Business owners just standing up and brushing themselves off from being knocked about by the pandemic may be wary of reports of another financial hit to their livelihoods. However, there are several steps to take to prepare oneself for an economic downturn and still maintain your business.
Business owners may wonder where they can cut back in preparation for a recession. Many may believe marketing is an excellent place to “trim the fat,” but I’m here to urge business owners to maintain their marketing budgets and plans throughout the recession — and with good reason.
Many marketing managers and CEOs may feel that by slashing marketing budgets, they can lower prices, spur spending and help them maintain overall profitability. Although, lowering prices may be a knee-jerk reaction that could wildly backfire in the long run. What happens if the recession everyone predicts does not happen? With a slashed marketing budget and laid-off marketers, businesses can find themselves in dire straits once the market begins to rebound.
Regarding product launches or new marketing pushes, it may seem like a good idea to slow things down when times are tight. However, studies show that long-term survival and higher revenue are possible when pushing forward with a marketing plan during a recession. That said, there are several considerations that business owners and marketers should take to heart.
If your competitors cut their marketing budgets, or even jump ship upon a burgeoning recession, this leaves a more straightforward path for your business to scoop up those customers left behind. Even in a recession, people are spending money and having fewer competing businesses to choose from equates to a positive for you and your business.
Focus on best bets
When a recession looms, innovation can spark great ideas. With well-applied marketing budgets more critical than ever, businesses tend to focus on their best and brightest ideas to bring to the market. This leads to ideas that are more apt to stand the test of time, even as the recession wanes.
Timing can be everything
If a company is ready, willing and able to ride a recession out, it can time its marketing efforts to when consumers are most inclined to be in a buying position with disposable income to spend. The recession mid-point may be when consumers are more willing to stretch their purchasing dollars, so you will want them to remember your business when they set out to spend.
Don’t increase prices
While decreasing the marketing budget and prices is not advisable, increasing prices during a recession to maintain the status quo can also backfire. A better, long-term bet is to focus the company’s energy on savvy marketing, rather than debating back-and-forth on pricing. Research has shown that companies that engage in price “see-sawing” lose more market share than those that stick with their pricing and focus on marketing efforts instead.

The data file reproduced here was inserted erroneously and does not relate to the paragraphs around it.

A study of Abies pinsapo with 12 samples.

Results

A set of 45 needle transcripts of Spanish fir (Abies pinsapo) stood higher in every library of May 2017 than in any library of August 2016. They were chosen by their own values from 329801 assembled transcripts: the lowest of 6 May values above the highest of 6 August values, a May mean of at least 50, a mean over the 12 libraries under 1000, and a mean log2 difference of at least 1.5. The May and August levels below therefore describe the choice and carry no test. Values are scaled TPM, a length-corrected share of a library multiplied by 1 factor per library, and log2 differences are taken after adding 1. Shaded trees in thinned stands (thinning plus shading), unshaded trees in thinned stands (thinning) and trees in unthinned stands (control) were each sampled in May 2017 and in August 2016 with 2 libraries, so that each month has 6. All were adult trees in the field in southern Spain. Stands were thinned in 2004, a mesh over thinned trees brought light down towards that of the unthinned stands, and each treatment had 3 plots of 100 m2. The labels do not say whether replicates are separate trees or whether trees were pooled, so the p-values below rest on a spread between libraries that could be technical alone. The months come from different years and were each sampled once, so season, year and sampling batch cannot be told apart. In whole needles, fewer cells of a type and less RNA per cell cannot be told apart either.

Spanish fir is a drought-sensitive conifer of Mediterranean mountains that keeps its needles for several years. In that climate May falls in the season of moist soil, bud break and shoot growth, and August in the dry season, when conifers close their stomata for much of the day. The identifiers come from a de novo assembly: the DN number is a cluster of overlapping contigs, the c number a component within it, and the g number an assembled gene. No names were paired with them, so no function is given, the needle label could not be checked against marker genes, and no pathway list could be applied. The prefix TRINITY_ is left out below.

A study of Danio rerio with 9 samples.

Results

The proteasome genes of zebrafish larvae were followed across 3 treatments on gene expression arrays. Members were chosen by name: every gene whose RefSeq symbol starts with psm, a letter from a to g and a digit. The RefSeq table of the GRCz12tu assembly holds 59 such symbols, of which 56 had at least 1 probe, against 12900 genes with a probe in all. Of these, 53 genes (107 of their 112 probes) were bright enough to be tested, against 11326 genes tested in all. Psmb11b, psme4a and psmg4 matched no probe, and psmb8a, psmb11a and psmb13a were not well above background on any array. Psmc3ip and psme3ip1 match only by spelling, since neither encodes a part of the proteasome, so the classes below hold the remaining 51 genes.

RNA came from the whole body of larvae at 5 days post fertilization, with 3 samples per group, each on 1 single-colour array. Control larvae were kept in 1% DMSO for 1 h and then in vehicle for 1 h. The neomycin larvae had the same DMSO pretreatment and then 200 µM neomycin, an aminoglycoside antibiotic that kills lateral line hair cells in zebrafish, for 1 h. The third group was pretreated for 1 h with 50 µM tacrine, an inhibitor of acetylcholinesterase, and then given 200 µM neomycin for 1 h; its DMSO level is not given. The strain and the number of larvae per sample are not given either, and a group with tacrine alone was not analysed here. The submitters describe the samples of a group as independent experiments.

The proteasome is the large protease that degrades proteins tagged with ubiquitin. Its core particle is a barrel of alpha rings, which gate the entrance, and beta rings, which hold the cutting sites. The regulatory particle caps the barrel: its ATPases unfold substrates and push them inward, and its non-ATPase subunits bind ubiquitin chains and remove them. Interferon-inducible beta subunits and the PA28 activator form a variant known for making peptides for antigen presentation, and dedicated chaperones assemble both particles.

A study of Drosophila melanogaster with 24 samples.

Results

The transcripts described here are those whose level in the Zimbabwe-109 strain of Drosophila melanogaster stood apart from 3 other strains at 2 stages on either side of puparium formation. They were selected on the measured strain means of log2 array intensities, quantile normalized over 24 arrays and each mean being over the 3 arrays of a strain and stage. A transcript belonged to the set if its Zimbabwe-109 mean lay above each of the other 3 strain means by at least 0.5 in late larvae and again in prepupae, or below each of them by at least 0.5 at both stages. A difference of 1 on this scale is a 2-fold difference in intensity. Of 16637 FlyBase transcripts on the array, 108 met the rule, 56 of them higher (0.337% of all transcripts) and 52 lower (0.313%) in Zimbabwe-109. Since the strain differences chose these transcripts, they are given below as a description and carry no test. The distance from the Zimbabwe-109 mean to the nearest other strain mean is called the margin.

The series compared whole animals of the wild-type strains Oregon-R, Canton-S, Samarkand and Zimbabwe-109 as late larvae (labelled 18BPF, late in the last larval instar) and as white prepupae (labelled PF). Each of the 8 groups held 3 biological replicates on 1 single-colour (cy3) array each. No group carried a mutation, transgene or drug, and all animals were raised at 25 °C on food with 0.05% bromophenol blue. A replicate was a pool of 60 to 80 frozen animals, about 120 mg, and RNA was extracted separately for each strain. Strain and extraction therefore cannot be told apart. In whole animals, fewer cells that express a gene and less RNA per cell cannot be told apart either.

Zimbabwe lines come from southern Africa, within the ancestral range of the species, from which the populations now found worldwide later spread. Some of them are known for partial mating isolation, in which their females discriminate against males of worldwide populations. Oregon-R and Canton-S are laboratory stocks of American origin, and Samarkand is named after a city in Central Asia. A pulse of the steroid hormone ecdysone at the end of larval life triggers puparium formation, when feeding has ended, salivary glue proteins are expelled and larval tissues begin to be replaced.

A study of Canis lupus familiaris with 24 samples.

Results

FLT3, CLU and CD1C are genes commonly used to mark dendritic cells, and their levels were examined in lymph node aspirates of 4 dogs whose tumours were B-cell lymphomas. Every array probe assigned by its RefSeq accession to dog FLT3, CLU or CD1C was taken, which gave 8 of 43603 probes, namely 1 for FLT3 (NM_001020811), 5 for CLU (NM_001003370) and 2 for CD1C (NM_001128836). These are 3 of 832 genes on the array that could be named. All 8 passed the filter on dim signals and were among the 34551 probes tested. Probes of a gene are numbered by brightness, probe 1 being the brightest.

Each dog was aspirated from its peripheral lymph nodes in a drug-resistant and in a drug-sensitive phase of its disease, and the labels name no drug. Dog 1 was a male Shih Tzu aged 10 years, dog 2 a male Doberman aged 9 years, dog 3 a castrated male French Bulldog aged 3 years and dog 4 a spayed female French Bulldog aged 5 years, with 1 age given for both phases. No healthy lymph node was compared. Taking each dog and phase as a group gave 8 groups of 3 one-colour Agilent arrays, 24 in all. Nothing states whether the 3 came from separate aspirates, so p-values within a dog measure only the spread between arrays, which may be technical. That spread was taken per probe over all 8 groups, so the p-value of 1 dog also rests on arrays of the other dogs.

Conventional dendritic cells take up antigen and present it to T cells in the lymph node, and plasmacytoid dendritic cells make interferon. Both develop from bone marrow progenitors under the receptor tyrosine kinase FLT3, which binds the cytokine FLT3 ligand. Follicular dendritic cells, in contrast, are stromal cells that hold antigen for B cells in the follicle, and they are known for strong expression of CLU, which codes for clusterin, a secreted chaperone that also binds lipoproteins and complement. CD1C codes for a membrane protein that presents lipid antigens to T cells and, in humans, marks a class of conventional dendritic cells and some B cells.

An investment in the future
Looking at marketing as an investment in the future of your business is a good mindset to have, but especially during periods of economic downswings like recessions. Marketing and advertising create almost immediate sales, but also build future sales for people consistently seeing your marketing messaging. If they never stop hearing your name or seeing your ads, new leads and prospective customers are more apt to remember your company after the recession.
Make your marketing count
The most important aspect of marketing during a recession is making sure your marketing efforts count. Focus on ads that grab attention, possess strong imagery or visuals and a message that connects with people and creates engagement.
Consider an intriguing offer. For instance, look at what has worked well in the past for your company and consider applying the principles of that marketing to your recession-era efforts.
A business’s marketing plan during an economic downturn depends on several factors, including their financial fitness, the amount of years in operation ahead of the recession, and the strength of their marketing team.
Nevertheless, it’s clear from the evidence of past recessions that companies focused on bolstering their marketing efforts — rather than cutting them — stand the best chance of weathering tough recessions and coming out stronger and more profitable overall on the other side.
Bowery Boost co-founder and CEO Fulya Uygun is a digital marketing expert with 15 years of experience. Throughout her career, she has scaled brands through seed funding to Series B in addition to working as lead digital for corporate companies. Her agency works seamlessly to build teams and profitably scale direct-to-consumer (DTC) brands and is dedicated to investing in and supporting women and minority entrepreneurs.